Participatory assessment is a set of practices we use to identify, describe, and evaluate texts written in particular genres that rely on people participating in assessment activity. When we talk about participatory assessment, we include peer assessment, self assessment, and collaborative assessment.

Self assessment

Self assessment is the practice of using evidence from our own texts and writing practices to assess our writing work. When we practice self assessment, we might identify how our writing does and does not align with genre conventions, trace our writing activity to describe our practices and texts, and evaluate our texts or practices based on particular criteria.

Peer assessment

Peer assessment is the practice of being an audience for peers’ artifacts, identifying how they do and do not align with genre conventions, and evaluating them based on particular criteria. When we practice peer assessment, we try to make it different from peer review that uses simplified checklists and gives corrective comments; instead, we encourage people to assess artifacts as thoughtful readers who can evaluate texts’ effectiveness and describe what they see writers doing and how they understand a text in relation to genre conventions.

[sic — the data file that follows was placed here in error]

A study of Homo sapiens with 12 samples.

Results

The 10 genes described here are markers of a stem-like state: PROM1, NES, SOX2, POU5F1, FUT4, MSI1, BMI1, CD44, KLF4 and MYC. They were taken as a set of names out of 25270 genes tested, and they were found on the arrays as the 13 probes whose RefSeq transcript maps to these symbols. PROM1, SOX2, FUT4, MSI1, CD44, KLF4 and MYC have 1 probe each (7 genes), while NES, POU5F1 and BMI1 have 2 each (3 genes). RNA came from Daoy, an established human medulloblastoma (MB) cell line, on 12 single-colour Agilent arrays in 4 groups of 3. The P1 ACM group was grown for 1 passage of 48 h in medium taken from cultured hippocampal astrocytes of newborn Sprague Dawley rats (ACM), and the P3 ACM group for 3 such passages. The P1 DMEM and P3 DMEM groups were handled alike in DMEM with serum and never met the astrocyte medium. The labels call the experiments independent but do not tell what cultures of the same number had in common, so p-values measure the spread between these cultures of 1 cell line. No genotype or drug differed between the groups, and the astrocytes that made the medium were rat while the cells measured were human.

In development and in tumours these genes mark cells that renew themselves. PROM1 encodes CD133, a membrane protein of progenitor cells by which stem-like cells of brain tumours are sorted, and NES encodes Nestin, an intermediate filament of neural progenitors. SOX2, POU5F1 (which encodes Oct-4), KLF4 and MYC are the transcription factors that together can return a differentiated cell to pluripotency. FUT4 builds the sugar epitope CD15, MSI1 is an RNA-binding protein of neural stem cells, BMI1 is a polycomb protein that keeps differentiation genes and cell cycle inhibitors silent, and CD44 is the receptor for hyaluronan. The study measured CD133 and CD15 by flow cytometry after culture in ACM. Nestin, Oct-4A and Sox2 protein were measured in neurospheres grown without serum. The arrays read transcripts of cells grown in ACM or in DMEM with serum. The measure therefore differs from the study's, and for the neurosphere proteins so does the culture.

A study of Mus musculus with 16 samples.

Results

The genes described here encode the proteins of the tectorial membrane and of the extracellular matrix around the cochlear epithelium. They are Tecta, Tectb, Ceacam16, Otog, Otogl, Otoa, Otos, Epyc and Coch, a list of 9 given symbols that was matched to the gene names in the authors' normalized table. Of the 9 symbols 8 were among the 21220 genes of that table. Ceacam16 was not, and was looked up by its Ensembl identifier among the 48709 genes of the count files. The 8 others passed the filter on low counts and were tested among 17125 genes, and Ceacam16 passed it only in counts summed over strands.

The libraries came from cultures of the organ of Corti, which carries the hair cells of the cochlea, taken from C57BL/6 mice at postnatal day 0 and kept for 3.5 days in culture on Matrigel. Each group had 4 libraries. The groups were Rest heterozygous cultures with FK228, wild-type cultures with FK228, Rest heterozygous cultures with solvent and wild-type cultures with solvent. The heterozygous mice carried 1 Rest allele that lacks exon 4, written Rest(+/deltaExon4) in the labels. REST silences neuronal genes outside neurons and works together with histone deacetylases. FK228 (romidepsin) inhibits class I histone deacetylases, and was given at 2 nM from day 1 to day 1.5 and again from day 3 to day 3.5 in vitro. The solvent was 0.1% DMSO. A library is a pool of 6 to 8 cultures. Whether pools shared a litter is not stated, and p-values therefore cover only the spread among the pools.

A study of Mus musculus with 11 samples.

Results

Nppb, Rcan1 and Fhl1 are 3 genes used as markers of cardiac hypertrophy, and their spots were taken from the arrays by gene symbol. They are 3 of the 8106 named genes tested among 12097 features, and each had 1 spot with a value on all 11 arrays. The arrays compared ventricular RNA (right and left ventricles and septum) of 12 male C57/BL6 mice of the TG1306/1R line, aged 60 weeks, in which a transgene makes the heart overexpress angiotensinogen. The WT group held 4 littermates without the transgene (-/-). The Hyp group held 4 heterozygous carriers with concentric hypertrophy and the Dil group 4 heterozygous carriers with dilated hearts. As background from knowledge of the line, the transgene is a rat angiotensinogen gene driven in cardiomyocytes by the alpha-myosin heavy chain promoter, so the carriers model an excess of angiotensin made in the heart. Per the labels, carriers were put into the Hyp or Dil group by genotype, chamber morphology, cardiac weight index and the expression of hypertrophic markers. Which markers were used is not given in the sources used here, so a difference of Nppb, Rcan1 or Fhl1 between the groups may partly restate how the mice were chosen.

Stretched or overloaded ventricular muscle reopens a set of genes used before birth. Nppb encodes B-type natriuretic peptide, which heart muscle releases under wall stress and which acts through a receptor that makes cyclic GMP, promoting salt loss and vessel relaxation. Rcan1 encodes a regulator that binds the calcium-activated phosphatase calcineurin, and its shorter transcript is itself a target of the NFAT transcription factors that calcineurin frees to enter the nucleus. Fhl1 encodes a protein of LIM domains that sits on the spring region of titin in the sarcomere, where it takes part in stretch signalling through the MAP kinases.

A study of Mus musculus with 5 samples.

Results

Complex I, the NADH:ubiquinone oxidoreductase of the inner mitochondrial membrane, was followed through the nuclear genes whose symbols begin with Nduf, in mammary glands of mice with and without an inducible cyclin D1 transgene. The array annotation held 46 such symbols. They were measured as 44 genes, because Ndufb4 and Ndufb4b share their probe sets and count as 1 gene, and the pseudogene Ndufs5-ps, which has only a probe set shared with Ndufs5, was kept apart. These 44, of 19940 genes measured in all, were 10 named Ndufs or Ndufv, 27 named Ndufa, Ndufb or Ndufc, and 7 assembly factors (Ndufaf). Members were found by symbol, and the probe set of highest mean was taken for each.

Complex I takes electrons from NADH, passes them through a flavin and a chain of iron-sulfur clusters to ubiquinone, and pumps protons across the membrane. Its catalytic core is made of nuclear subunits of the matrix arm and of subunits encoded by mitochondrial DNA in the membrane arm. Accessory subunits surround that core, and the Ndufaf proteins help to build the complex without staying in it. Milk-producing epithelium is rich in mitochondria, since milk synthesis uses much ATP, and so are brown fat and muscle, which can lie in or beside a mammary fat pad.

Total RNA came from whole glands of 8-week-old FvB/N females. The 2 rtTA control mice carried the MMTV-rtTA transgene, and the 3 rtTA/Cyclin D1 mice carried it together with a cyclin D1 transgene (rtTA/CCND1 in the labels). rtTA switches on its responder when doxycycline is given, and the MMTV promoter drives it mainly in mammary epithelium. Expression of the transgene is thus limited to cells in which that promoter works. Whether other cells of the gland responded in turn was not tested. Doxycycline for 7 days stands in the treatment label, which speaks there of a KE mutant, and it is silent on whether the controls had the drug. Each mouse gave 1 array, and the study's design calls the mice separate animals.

Collaborative assessment

Collaborative assessment is a practice we use to co-construct across institutional roles (teacher, student) to determine how to evaluate individuals’ or groups’ writing. When we practice collaborative assessment, we prioritize identifying writing and learning goals before creating tools (like co-created rubrics or criteria lists) that we can use to evaluate texts according to specific genre conventions or other criteria.

Uptake as assessment

Uptake as assessment refers to the practice of using uptake as an assessment tool, of using texts we produce to trace our writing learning and practices over time to evaluate our writing activity. When we practice uptake as assessment, we prioritize learning–and our ability to articulate specifics surrounding our learning–rather than our mastery of a particular kind of writing or text production.